Of course, a child may not know what he may need to know in ten years (who does?), but he knows, and much better than anyone else, what he wants and needs to know right now, what his mind is ready and hungry for. If we help him, or just allow him, to learn that, he will remember it, use it, build on it. If we try to make him learn something else, that we think is more important, the chances are that he won't learn it, or will learn very little of it, that he will soon forget most of what he learned, and what is worst of all, will before long lose most of his appetite for learning anything. -John Holt, Teach Your Own
Jack and I spent the evening meandering through fields and scouring our driveway for trilobites. (No luck this time, but we found some fossilized clams and coral!) I love our quiet walks together, because sometimes he gets a little overshadowed by his very vocal older sister and younger brother.
Of all my kids, I think homeschooling suits Jack the best. He is very much an introvert, and needs his connection to nature the way most of us need oxygen. Some days he's outside before I'm out of bed, and it's unusual for him not to be covered in dirt. I honestly cannot imagine him in traditional school right now, as I think an integral part of him would be lost being forced to sit inside all day, five days a week. Short recesses on some manufactured plastic playground could never replace trees for that boy.
Jack is one smart six year old, and the questions he comes up with show the beginnings of great critical thinking skills. He will discuss subjects at great length and listen to books all day long, as long as the subject interests him. Interest is really key though, because as soon as I try to work with him on something he doesn't like, such as reading, he tenses up and it becomes a battle.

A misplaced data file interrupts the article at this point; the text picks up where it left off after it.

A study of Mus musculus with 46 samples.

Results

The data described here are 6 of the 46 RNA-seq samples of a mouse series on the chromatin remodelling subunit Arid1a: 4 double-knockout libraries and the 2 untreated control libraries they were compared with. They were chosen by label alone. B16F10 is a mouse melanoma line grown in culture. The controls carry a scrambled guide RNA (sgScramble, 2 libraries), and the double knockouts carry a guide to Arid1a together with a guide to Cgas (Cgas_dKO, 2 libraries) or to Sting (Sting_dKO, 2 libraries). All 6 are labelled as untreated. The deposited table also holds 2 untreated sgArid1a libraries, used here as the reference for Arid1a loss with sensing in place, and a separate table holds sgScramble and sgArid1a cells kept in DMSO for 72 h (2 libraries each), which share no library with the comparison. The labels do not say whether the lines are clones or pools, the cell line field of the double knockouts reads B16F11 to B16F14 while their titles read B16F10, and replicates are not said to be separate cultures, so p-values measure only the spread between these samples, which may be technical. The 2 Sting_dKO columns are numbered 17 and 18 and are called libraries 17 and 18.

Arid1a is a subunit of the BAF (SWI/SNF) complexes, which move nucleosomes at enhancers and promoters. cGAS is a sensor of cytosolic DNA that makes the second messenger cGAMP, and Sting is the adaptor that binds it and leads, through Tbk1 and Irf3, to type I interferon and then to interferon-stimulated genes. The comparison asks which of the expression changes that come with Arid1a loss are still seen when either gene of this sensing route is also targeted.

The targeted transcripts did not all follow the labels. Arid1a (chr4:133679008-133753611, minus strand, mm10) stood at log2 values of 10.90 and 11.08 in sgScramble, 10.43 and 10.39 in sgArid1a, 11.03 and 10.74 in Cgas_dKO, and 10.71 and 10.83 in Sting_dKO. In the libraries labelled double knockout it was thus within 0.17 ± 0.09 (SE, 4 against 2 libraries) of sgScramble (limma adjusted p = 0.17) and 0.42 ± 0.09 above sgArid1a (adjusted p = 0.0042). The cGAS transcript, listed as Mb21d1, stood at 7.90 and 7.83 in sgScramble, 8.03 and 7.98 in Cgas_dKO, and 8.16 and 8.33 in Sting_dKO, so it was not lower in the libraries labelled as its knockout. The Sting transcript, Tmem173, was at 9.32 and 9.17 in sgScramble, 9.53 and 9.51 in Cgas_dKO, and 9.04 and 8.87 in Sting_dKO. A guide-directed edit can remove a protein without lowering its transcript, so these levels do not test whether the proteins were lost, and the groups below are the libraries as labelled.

John Holt says that there are no teachers, only learners, which I am seeing more and more with our little homeschooling endeavors. I know there are hundreds of books about teaching your kid how to read (and I've tried several of them) but I really think it boils down to the kid wanting to learn for it to happen. I have NO doubt that by instilling a love of reading in our family and by the kids seeing Kelly and me read all the time, that Jack will also be a reader. But it's going to be in his own time. (Potty training analogies do not seem out of place here.)
Given all of that, as well as believing that it's not necessary for a child to read young to be a good reader later, doesn't totally take away from fact that, especially as a homeschooling mom, I feel pressure to have my six year old reading. It's kind of this benchmark that we all use to judge elementary kids, isn't it? And it doesn't help that Kelly (who incidentally was a very late reader who became a very good reader) isn't quite on board with all of this unschooling stuff, or that Bonnie is an amazing reader who picked it up very easily at a young age.
So, while pocketing fossils, picking wildflowers, and rescuing a box turtle from the dogs, I said to Jack, "I'd really like it if you'd let me teach you how to read."
He thought about it for a moment and replied, "I'd really like to learn how to swim."